Get paid $450 to change your cellphone provider



Are you strapped for cash? You can get paid $450 just for changing your cellphone provider. But there's a way to put even more money in your pocket...

AT&T has been hurting for customers, as many have fled to other providers once their contract is up. Their customers are tired of the combo of bad service and high prices. And where do AT&T customers typically go when their contracts are up? To T-Mobile!

So now AT&T has launched an offer just for T-Mobile customers. They will pay you up to a $450 bounty to move from T-Mobile and trade in their old smartphone. That's a $250 base credit and an additional $200 per line if you jump through all the hoops they've set up.

Now we're hearing rumors that T-Mobile may fire back with a bounty of its own to get customers from AT&T. We'll see if that comes to pass.

The reality is every American who wants a cell phone already has one, so we're in a zero sum game where companies have to poach customers from each other!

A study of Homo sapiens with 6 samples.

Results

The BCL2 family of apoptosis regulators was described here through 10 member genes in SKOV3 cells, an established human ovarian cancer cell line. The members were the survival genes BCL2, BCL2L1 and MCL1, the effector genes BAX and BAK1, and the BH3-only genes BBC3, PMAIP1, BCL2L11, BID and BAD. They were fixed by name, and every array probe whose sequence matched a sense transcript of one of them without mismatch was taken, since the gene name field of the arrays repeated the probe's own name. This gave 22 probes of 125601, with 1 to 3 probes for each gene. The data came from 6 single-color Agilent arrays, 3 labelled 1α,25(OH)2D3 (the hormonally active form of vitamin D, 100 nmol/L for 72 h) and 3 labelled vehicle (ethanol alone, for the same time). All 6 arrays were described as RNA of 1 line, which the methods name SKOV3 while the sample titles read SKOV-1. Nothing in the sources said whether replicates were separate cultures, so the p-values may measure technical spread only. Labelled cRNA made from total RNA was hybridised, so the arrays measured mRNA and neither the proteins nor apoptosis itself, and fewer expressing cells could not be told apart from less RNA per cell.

Meanwhile, I've talked in the past about the new Moto G. It's a non-contract phone with a 4.5-inch screen that's available for $179 through Amazon and other retailers.

Getting the Moto G lets you be a free agent and go to any GSM carrier (like AT&T, T-Mobile, and many of the discounters you've heard me talk about.) You just pop in a SIM card …and that's the service you're on! Right now, Best Buy is discounting it to $99 if you go with Verizon on a non-contract plan, according to The Los Angeles Times.

The whole contract plan business model is going away. There's no question that Apple will suffer damage from these changes in the marketplace. An Apple phone at a non-contract price is a fortune. And getting a subsidized price upfront means the costs will be built into your high monthly service charge.

Ultimately, the cost of a phone is *not* the most important thing. It's what you pay for monthly service that really matters. Going non-contract will typically save you $1,000 annually vs. going with a contract provider.